Approaches (Part Eleven)

Vertical Navigation

One of the advantages of some GPS and multi-sensor FMS RNAV avionics is the advisory VNAV capability. Traditionally, the only way to get vertical path information during an approach was to use a ground-based precision NAVAID. Modern RNAV avionics can display an electronic vertical path that provides a constant-rate descent to minimums.

 

Since these systems are advisory and not primary guidance, the pilot must continuously ensure the aircraft remains at or above any published altitude constraint, including stepdown fix altitudes, using the primary barometric altimeter. The pilots, aircraft, and operator must be approved to use advisory VNAV inside the FAF on an instrument approach.

VNAV information appears on selected conventional nonprecision, GPS, and RNAV approaches (see “Types of Approaches” later in this chapter). It normally consists of two fixes (the FAF and the landing runway threshold), a FAF crossing altitude, a vertical descent angle (VDA), and may provide a visual descent point (VDP) [Figure 4-11A].

Figure 4-11A. VNAV information.

Figure 4-11A. VNAV information.

The VDA provides the pilot with advisory information not previously available on nonprecision approaches. It provides a means for the pilot to establish a stabilized descent from the FAF or step-down fix to the MDA. Stabilized descent is a key factor in the reduction of controlled flight into terrain (CFIT) incidents. However, pilots should be aware that the published angle is for information only − it is strictly advisory in nature. There is no implicit additional obstacle protection below the MDA. Pilots must still respect any published stepdown fixes and the published MDA unless the visual cues stated 14 CFR §91.175 are present, and they can visually acquire andavoid both lit and unlit obstacles once below the MDA. The presence of a VDA does not guarantee obstacle protection in the visual segment and does not change any of therequirements for flying a nonprecision approach.

Pilots may use the published angle and estimated/actual groundspeed to find a target rate of descent from the rate of descent table published in the back of the U.S. Terminal Procedures Publication. This rate of descent can be flown with the Vertical Velocity Indicator (VVI) in order to use the VDA as an aid to flying a stabilized descent. No special equipment is required.

 

In rare cases, the LNAV minima may have a lower HAT than minima with a glide path, due to the location of the obstacles and the nonprecision MAP. This should serve as a clear indication to the pilot that obstacles exist below the MDA, which must be seen in order to ensure adequate clearance. In those cases, the glide path may be treated as a VDA and used to descend to the LNAV MDA, as long as all of the rules for a nonprecision approach are applied at the MDA.

When there are obstacles in the visual area that could cause an aircraft to destabilize the approach between the MDA and touchdown, the IAP will not show a vertical descent angle in the profile view. The charts currently include the following statement: “Descent Angle NA” or “Descent Angle NA-Obstacles” [Figure 4-11B ].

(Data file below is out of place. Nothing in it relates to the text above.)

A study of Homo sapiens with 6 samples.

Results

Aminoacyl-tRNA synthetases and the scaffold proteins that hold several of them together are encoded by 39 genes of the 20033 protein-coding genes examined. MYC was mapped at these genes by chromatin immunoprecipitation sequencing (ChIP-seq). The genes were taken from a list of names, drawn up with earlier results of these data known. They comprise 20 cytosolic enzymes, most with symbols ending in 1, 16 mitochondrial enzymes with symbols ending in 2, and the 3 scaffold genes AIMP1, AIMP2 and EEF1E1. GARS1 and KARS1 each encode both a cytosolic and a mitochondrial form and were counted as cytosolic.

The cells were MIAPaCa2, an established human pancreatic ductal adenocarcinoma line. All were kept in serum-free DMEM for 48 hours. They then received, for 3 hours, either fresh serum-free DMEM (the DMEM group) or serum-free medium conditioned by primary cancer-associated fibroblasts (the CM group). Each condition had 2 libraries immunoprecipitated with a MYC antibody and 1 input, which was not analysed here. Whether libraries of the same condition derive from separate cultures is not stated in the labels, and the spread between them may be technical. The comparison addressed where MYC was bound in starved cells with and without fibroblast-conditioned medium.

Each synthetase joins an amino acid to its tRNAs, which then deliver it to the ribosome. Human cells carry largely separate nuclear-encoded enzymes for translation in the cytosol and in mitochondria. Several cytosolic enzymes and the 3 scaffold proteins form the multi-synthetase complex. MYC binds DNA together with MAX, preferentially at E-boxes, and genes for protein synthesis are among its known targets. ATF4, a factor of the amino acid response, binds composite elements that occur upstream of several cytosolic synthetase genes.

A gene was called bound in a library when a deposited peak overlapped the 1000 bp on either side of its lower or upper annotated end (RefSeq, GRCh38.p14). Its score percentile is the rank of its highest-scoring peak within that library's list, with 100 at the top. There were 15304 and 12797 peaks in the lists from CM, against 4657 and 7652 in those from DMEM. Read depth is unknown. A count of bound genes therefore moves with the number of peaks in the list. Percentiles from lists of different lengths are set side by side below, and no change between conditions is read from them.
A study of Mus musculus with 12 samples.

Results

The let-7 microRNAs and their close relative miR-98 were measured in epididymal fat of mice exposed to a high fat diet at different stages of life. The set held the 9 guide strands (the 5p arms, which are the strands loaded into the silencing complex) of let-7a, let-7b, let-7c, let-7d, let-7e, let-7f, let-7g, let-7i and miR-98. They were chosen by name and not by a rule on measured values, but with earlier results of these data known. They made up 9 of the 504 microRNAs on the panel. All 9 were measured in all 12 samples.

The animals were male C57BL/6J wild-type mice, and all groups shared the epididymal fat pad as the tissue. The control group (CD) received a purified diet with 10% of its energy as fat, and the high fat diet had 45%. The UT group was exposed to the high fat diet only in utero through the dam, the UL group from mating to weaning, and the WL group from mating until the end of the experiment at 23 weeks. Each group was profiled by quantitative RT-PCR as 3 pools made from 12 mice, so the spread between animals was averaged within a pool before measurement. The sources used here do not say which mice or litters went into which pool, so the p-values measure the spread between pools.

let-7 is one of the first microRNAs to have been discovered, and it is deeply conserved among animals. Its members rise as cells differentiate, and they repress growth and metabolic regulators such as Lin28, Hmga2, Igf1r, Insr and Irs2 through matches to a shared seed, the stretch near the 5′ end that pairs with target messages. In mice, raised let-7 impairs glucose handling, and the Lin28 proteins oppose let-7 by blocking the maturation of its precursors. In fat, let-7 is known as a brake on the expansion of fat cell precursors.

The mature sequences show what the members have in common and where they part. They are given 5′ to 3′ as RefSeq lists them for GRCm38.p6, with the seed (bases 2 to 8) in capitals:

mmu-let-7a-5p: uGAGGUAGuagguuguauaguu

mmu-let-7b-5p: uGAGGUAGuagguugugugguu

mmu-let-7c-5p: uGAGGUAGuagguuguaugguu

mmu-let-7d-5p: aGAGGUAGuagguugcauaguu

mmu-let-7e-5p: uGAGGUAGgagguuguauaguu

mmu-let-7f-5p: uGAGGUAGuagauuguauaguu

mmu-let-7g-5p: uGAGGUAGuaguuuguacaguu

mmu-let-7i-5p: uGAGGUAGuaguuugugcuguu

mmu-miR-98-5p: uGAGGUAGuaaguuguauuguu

Figure 4-11B. Descent Angle N/A..

Figure 4-11B. Descent Angle N/A..

Like flying any other IAP, the pilot must see and avoid any obstacles in the visual segment during transition to landing. A constant-rate descent has many safety advantages over non-precision approaches that require multiple level-offs at stepdown fixes or manually calculating rates of descent. A stabilized approach can be maintained from the FAF to the landing when a constant-rate descent is used. Additionally, the use of an electronic vertical path produced by onboard avionics can serve to reduce CFIT, and minimize the effects of visual illusions on approach and landing. Some countries even mandate the use of continuous descent final approaches (CDFAs) on non-precision approaches.

 

Wide Area Augmentation System

The Wide Area Augmentation System (WAAS) offers an opportunity for airports to gain ILS like approach capability without the purchase or installation of any ground-based navigation equipment at the airport. Today, WAAS is already being used at more than 900 runways across the United States to achieve minimums as low as 200 feet height above HAT/one-half mile visibility.

Benefits Of WAAS In The Airport Environment

WAAS is a navigation service using a combination of GPS satellites and the WAAS geostationary satellites to improve the navigational service provided by GPS. WAAS achieved initial operating capability (IOC) in 2003. The system is owned and operated by the FAA and provided free of direct user charges to users across the United States and most of Canada and Mexico.

WAAS improves the navigational system accuracy for en route, terminal, and approach operations over all the continental United States and significant portions of Alaska, Canada, and Mexico. This new navigational technology supports vertically-guided instrument approaches to all qualifying runways in the United States. Vertically-guided approaches reduce pilot workload and provide safety benefits compared to non-precision approaches. The WAAS enabled vertically guided approach procedures are called LPV, which stands for “localizer performance with vertical guidance,”and provide ILS equivalent approach minimums as low as 200 feet at qualifying airports. Actual minimums are based on an airport’s current infrastructure, as well as an evaluation of any existing obstructions. The FAA plans to publish 300 WAAS approach procedures per year to provide service to all qualifying instrument runways within the NAS.